In need to update your music playlist? We take you around the region in this new series, introducing new bands, new genres and new music not too far away from home. Southeast Asia is such a culturally diverse and musically intriguing area, and we'll take you through it bit by bit. Explore sounds from Indonesia, Philippines, Malaysia, Thailand and more - we might even throw in a cheesy pop boyband sometime soon. We're also open to suggestions, so throw us some names if you're in the know of any best-kept secrets. You'll be surprised with what our neighbours have up their sleeves!
Throw in some complex arrangements, odd rhythms, hardcore, and a lot of passion - you get ALICE. A formidable force live, it is no wonder this mathcore outfit have been picked to be the openers for Deafheaven in Jakarta. If you're a fan of Converge and Dillinger Escape Plan, this is one band to check out.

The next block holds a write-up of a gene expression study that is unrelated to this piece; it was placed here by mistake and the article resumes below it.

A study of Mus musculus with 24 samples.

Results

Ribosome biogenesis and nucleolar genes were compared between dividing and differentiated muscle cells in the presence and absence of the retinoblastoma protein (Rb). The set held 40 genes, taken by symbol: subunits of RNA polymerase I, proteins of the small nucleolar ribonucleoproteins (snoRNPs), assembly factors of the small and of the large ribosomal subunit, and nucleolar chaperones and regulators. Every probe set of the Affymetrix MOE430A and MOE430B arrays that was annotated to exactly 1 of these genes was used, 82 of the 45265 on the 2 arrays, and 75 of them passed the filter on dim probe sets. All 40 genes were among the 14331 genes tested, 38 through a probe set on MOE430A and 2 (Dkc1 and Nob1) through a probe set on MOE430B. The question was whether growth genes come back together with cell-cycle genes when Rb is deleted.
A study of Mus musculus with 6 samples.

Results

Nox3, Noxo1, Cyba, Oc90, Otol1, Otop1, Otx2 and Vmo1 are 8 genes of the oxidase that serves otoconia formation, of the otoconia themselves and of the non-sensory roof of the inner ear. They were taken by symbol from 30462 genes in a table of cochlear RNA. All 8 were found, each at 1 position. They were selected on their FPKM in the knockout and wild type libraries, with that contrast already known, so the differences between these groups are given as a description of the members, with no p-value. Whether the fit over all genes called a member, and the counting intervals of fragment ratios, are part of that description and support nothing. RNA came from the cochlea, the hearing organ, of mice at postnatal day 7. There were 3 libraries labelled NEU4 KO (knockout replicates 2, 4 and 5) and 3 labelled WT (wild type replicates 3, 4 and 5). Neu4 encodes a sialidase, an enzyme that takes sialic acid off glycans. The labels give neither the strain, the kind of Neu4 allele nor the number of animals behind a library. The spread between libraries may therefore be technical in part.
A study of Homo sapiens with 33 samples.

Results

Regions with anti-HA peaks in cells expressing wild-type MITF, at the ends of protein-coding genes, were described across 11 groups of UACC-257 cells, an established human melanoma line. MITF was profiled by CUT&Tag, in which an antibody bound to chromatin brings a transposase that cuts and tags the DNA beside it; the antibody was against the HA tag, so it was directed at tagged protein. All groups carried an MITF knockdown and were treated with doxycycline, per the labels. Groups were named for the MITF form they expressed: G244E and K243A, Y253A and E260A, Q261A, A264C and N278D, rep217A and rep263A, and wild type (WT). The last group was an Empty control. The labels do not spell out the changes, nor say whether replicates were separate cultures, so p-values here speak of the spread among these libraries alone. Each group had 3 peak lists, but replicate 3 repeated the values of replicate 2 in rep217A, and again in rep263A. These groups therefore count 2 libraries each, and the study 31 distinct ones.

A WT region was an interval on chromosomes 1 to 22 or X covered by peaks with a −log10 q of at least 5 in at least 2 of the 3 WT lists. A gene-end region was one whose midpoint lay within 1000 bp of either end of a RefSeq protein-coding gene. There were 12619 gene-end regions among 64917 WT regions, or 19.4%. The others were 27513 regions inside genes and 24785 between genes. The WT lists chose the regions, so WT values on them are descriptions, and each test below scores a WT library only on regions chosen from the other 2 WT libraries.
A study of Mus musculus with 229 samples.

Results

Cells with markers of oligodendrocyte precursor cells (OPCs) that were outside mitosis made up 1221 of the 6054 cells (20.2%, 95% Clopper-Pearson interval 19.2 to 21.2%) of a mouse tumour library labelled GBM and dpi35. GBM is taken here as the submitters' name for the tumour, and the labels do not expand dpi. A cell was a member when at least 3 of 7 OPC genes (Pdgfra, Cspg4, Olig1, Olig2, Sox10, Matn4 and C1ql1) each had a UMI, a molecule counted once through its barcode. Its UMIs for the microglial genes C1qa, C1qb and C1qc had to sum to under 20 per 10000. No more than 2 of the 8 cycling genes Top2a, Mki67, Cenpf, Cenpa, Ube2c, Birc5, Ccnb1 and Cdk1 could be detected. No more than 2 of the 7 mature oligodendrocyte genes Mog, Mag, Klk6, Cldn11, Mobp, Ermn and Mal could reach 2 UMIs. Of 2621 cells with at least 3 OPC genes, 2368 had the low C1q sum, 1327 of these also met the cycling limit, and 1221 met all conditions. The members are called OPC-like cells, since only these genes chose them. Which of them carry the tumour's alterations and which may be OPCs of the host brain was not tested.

Stars and Rabbit (ID)
Indonesia truly produces the most diverse in music - here we have a dreamy folk duo. The unique vocal stylings of Elda, along with minimal guitar comes together to create songs that are imaginative and almost story-telling. And you're in luck! Stars and Rabbit will be in town for Music Matters in May so stick around for more updates.
Earthmover really stands out in the landscape of instrumental rock in Southeast Asia. Watching them live in Manila last year - just three people, winging that DIY attitude, playing in small spaces but in the process, I felt exhilarated, drained, and very impressed all at once. Explosive and dramatic riffs, the immersive atmosphere, and drowning guitar - you would want to take it all in slowly.
Two Million Thanks (TH)
Intricate instrumentation, breezy vocals, some acoustic math, Two Million Thanks churn out tunes that makes for pretty easy listening. The band opened for Japanese math-rock giants toe in 2013 when the band played in Bangkok, a huge gig for them we must assume! They've been hard at work, recently releasing their debut album do in February.
Multo is the one-man bedroom project by Portland-raised Filipino-American Allan Lumba who was doing his dissertation on the history of money. Besides the books, he dabbles in upbeat indietronica, with catchy hooks and a tinge of nostalgia. On live shows however, Multo scrapes away the 'one-man' label and infuses live instruments to his sets.